February 17, 2005

Back in the War Zone

Five minutes off the airplane standing in a line for U.S. Customs and I am already hearing CNN blaring about war. In Iraq, Iran, Lebanon, Syria, North Korea? It's hard to keep track of who is the latest enemy. It's always war. That's what the American corporate media are about. War. Strange to come back after being in Africa at a peace conference for 10 days, away from American media. Then to re-enter and see so clearly how the American people are constantly pumped with war hysteria.

You're almost never completely away from American media these days unless you go into a fairly undeveloped part of the third world. But the European version of CNN is not so overtly corporate propaganda. It has to compete in a market where there is some diversity. It's still a nauseating corporate spin, but slightly smoothed over.

For over a week I was surrounded by people who were gathered for the purpose of trying to harness tourism as a force for peace. To then suddenly return to the war country, and immediately hear about all the wars that are breaking out all over and will necessitate more military spending and military control of the country and its foreign policy. It's tough out there, they tell us.

It really is a kind of induced insanity, the way Americans are now, so addled with brainwashing about war. Just try it. Go anywhere. And then come back and see if America isn't the most hysterically war-obsessed country out there, except maybe North Korea.

AOL's lead story tonight is "Robots will fight for us --" ! For US? Who is us? Now it's killer robots, America's latest technological advance in killing.

Americans are just so uptight. It's that Calvinistic thing, the Protestant ethic and capitalism. It's so refreshing to go to another country where people still know how to live, to enjoy life. In America's prevailing corporate culture, enjoyment is portrayed as buying 10 cases of Coors Lite and watching the Super Bowl. It's RoboCop country. The image of Super Bowl Sunday is like Schwarzenegger crushing a beer can into your face.

By the way, while I was in Zambia I plunged off the Victoria Falls Bridge, the second tallest bungee jump in the world, 111 meters. That's another story, but the crew there said that Schwarzenegger went to them as a customer, but when he got to the top of the bridge where the bungee platform was, he chickened out.

That didn't surprise me. It's like those NeoCon warriors, they play their games with other people as their chess pieces. It's no fun if they put themselves in danger.

Schwarzenegger's got a well-developed physique, indeed, but that doesn't make him courageous. Actually it's hard to deny that his physique is so extreme as to be freakish. What kind of personality works out that much?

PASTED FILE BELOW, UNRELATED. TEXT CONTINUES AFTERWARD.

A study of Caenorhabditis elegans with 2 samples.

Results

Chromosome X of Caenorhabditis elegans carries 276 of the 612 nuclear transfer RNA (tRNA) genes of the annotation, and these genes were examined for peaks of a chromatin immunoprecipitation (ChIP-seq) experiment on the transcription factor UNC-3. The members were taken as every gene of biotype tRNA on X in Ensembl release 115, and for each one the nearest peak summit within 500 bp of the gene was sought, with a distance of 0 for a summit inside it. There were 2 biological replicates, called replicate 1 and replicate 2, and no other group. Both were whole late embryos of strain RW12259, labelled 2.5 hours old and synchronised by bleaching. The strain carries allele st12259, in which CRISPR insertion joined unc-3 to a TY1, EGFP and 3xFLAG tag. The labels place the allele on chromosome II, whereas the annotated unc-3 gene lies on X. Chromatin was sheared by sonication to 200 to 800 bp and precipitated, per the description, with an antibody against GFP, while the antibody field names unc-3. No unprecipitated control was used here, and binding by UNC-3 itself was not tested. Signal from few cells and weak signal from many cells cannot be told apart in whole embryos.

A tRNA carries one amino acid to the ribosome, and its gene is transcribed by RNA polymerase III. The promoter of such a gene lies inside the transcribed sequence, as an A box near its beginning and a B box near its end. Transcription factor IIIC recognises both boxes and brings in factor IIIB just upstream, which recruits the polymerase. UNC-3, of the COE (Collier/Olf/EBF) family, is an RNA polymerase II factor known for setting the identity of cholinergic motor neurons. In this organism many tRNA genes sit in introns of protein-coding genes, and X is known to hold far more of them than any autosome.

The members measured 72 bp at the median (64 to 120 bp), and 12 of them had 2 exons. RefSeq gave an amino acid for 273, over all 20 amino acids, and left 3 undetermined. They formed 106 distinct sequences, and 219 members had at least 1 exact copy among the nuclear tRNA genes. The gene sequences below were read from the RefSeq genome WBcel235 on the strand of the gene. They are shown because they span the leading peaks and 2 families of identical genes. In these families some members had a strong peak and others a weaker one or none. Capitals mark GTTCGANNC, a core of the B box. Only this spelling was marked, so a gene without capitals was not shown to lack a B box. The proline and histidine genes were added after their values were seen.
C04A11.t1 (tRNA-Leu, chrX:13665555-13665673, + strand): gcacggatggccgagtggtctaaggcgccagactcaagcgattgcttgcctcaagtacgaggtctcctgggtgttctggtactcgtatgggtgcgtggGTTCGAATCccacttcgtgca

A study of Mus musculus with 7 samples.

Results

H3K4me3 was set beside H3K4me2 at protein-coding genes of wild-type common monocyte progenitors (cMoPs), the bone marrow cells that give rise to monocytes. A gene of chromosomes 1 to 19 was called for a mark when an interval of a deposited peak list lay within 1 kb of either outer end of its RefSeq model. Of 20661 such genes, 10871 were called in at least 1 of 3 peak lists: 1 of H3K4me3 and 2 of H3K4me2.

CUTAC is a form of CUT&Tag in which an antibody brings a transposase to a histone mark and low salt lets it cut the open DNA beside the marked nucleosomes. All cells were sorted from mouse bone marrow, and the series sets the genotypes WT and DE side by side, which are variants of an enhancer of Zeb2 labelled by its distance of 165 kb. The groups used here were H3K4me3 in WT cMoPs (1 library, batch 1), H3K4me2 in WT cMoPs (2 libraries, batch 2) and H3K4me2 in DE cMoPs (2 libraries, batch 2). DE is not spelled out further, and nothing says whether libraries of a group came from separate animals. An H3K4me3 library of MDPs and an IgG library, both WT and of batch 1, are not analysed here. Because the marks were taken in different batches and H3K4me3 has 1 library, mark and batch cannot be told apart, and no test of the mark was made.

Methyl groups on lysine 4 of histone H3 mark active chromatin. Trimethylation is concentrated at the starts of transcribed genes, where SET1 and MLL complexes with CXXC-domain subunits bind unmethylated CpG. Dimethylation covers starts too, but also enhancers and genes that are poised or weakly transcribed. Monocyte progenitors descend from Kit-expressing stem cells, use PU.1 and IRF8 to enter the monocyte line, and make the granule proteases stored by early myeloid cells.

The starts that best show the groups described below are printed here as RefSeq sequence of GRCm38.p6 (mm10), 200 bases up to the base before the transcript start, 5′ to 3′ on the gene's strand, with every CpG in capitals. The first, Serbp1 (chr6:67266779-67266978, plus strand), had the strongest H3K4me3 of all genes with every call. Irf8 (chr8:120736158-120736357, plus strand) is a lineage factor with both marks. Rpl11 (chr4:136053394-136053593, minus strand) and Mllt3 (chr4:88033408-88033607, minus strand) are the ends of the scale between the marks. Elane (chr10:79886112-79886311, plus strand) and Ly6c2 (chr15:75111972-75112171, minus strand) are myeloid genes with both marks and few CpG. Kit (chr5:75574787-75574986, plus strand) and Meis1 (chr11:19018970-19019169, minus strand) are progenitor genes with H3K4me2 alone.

I ran into Schwarzenegger at a California tourism event in New York. It was a shock to see him in person after seeing him in films. In person he looks nothing like the Terminator. They do that with cinema magic. In person he's a very broad, stiff man about 5'10", with a big smile and a sixteenth of an inch of face makeup plastered all over his face.

He's made up for the TV camera, of course, but in person it looks ridiculous. But it doesn't matter how it looks in person because its TV that counts.

In Zambia I spoke to a Canadian who had to change planes in New York to get from Toronto to Johannesburg. He was incensed that he had to be fingerprinted just for going through the United States on his way to Africa from Canada.

On the return flight at the end of the trip, when we finally boarded the flight that would head toward the U.S., a number of new, very stringent security regulations went into effect. Dutiful airline employees went down the aisles and pulled up every headrest, every seat cushion, presumably looking for bombs or weapons. They looked like they felt ridiculous doing it, but "security regulations require that... " After all we were flying into the world's most paranoid country.

Louis Ferdinand Celine wrote about that one moment of lucidity during travel when the customs of one country have loosened their control over you, and the customs of the new country have not yet taken hold. It's especially valuable for Americans now to travel around a bit and take a look at the world they are living in, but know little about. Americans are in an isolationist mode that is becoming increasingly freakish, and pathological. Go west, young man! Go east! Go anywhere! Just go, get out of America for a while and see how the real world lives.